In his annual state of the nation address on Thursday, Russian President Vladimir Putin unveiled a nuclear-powered, nuclear-armed cruise missile that he claimed could fly indefinitely and deliver a warhead to any point on the earth's surface.

The weapon seems so fantastical that some analysts simply didn't believe the initial reports of the missile that appeared on social media early Thursday.

"I had my doubts," says Pavel Podvig, who runs the Russian Strategic Nuclear Forces blog.

Podvig thought that perhaps something was lost in translation. But after watching the speech for himself on YouTube, he realized Putin had really made the claim: "Apparently, that's what he said."

According to Putin's prepared remarks to the Russian Federal Assembly, he said that "in late 2017, Russia successfully launched its latest nuclear-powered missile at the Central training ground. During its flight, the nuclear-powered engine reached its design capacity and provided the necessary propulsion."

An accompanying video appears to show a cruise missile launching into the sky and hurtling through the air. An animation then shows how such a weapon could dodge terrain and missile defenses while flying for thousands of miles around the tip of South America and toward the U.S. West Coast.

"I'm still kind of in shock," says Edward Geist, a researcher specializing in Russia at the Rand Corp. "My guess is they're not bluffing, that they've flight-tested this thing. But that's incredible."

Nuclear propulsion is used on large ships like aircraft carriers and submarines. It allows these vessels to operate for years without refueling, dramatically extending their range and endurance.

In the early days of the Cold War, both the U.S. and the Soviet Union looked into nuclear-powered aircraft as well. Both nations tried installing a nuclear reactor into a strategic bomber. But the reactors were heavy, and the crews faced risks from radiation exposure. Both countries quickly gave up on the idea.

The U.S. did go on to investigate the idea of a nuclear-powered missile, Geist says. Known as the Supersonic Low Altitude Missile, the idea was more like a nuclear-powered drone aircraft. "It was actually supposed to fly around autonomously and drop nuclear gravity bombs," Geist says.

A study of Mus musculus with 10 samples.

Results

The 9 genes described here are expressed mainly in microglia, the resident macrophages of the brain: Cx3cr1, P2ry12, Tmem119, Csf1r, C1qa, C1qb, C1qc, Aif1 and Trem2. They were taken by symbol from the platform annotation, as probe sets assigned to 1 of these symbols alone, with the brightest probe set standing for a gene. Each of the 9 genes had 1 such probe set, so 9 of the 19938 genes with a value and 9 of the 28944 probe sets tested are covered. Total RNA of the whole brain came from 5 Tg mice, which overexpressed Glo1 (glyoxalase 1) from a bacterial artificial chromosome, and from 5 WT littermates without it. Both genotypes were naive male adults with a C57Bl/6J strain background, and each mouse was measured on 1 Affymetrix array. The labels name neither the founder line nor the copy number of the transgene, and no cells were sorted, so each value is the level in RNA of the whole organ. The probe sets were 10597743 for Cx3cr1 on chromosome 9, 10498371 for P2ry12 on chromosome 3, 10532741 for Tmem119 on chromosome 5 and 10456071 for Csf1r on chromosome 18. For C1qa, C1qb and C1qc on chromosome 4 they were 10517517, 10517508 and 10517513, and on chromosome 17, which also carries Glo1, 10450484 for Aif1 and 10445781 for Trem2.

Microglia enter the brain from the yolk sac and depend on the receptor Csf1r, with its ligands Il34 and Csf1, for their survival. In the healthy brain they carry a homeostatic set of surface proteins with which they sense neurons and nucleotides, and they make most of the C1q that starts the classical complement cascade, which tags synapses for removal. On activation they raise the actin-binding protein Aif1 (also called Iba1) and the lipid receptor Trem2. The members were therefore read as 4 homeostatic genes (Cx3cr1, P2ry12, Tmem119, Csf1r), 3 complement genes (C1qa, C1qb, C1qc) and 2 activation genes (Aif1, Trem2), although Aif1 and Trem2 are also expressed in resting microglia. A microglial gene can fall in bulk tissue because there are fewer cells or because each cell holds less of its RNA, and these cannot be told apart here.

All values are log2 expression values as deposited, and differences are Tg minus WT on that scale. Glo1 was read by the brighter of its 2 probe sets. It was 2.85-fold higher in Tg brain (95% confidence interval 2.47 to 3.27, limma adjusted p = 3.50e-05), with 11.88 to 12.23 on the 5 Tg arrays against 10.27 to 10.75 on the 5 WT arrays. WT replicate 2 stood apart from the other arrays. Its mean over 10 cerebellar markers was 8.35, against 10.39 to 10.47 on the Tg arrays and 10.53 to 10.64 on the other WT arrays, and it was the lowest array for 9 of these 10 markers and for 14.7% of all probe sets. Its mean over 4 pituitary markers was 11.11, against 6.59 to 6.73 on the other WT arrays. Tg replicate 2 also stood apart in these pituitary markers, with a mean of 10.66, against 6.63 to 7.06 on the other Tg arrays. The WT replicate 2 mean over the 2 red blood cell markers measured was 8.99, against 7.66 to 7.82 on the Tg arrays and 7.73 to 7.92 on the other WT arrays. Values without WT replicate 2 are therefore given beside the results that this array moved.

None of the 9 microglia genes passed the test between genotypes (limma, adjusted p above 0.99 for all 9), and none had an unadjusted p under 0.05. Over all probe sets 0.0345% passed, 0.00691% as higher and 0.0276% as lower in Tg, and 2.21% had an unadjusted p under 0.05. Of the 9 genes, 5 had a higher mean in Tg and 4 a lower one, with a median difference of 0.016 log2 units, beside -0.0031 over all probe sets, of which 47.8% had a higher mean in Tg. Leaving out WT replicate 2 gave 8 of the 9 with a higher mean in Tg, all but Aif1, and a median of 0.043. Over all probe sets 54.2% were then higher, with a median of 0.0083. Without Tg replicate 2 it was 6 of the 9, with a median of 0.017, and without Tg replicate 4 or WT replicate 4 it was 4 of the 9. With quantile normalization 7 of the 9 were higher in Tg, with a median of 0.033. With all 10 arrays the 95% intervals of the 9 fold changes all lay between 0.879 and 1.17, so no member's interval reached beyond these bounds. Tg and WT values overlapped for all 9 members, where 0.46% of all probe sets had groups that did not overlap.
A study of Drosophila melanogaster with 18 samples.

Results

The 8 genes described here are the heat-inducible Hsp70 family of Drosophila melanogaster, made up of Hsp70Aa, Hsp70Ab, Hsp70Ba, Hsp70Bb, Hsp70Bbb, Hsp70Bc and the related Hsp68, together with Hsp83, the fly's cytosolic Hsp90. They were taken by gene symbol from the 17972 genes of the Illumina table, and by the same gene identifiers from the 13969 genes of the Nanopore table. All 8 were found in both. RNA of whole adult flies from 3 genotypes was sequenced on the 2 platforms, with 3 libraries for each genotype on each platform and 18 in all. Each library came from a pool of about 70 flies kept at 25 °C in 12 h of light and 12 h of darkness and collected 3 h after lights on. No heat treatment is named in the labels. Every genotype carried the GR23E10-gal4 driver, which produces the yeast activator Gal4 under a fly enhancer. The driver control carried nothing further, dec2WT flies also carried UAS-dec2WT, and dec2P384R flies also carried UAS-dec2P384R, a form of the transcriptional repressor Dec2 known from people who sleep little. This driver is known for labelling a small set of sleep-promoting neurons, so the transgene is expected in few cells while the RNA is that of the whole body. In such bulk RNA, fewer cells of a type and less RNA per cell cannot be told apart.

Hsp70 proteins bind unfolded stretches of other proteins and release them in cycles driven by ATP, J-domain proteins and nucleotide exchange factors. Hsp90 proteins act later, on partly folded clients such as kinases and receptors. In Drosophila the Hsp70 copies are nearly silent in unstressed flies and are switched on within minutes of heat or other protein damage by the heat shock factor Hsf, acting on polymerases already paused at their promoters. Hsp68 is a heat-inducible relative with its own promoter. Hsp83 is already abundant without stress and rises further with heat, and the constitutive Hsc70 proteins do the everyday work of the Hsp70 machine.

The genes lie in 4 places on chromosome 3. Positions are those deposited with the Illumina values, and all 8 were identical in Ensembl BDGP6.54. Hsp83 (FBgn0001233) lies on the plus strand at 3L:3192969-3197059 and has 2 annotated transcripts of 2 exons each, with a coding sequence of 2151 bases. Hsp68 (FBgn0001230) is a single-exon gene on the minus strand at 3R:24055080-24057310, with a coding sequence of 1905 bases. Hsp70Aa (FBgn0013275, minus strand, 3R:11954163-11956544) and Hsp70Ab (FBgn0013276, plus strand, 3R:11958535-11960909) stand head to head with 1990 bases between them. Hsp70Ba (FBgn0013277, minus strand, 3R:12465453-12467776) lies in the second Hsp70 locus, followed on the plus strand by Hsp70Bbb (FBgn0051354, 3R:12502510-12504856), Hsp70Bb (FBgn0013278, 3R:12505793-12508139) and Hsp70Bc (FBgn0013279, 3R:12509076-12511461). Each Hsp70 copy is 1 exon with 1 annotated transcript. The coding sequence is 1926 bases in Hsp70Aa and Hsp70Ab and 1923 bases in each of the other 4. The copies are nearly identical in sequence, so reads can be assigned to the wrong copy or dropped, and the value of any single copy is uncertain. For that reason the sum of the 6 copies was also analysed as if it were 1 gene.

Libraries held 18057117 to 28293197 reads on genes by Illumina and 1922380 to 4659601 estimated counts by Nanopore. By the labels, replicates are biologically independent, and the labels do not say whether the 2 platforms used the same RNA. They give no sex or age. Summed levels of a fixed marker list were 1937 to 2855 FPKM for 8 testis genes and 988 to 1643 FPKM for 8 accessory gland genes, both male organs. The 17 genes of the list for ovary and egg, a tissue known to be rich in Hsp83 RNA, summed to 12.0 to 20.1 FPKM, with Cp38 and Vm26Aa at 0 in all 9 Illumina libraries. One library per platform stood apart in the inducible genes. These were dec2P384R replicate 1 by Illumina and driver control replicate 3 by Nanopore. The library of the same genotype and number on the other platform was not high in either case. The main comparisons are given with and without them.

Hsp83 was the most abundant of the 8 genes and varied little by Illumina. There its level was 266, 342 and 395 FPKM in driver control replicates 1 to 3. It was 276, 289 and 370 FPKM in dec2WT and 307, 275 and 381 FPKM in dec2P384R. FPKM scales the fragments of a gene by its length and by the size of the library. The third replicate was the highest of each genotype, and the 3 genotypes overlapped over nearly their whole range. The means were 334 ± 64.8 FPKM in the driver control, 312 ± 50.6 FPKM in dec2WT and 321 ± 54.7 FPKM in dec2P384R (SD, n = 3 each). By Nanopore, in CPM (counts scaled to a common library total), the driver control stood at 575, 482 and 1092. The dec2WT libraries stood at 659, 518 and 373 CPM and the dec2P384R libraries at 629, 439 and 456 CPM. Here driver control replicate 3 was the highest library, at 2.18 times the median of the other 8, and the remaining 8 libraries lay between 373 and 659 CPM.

The nuclear reactor that would keep SLAM aloft would also spew radioactive exhaust, Geist says. At the time, that was advertised as a feature, not a bug, because it would have had the added benefit of polluting the Soviet countryside.

"It was supposed to be really, really dirty," Geist says.

The U.S. got as far as actually building the nuclear engine for Project Pluto, a development project at the Nevada Test Site. The reactor was tested a number of times in the early 1960s, and it performed well. But by that point, awareness had grown about the dangers of nuclear fallout, and arms control treaties were coming into place, Geist says. Those concerns were among the reasons the project died in 1964.

The type of reactor used in Project Pluto was particularly messy because it exposed the nuclear fuel directly to the outside air. Geist says the new Russian missile may use a different system that keeps the fuel somewhat isolated from the air. But, he quickly adds, that wouldn't make it safe.

"There are a bunch of different ways to do it, and frankly, they're all terrible," Geist says.

He suspects that the Russian design would involve what's known as a "fast reactor," which is more efficient, but also less safe, than most nuclear reactors. If the missile crashed or the reactor failed, it would trigger a major incident.

"It's just crazy they field-tested this thing," he says.

The test is just one of several unconventional systems Putin mentioned in his Thursday speech. The Russian president also discussed "hypersonic" weapons that could maneuver through missile defenses and a nuclear-powered underwater torpedo, which some believe could be used as a doomsday weapon.

The strategic value of all these new nukes is somewhat questionable, says James Acton, a nuclear expert at the Carnegie Endowment for International Peace.

"Russia, even without these weapons, has the capability to reduce the U.S. into a pile of radioactive soot," he says.

Acton says he believes the new missile is designed to send a message that Russia is a strong, technologically capable country. Russia has also been worried about the development of U.S. missile defenses.

While American officials say the U.S. system is mainly designed to protect against a limited attack from North Korea, the Russians believe it could be used against them as well.

"They think our missile defenses are much more effective than we think our missile defenses are," Acton says.

President Trump's budget is requesting $12.9 billion for missile defense programs in the coming year. That money will go toward new radars and additional interceptors.

Geist says he expects Russia's provocations to continue. "They're sending us a message that they are not OK with our U.S. missile defense posture," he says.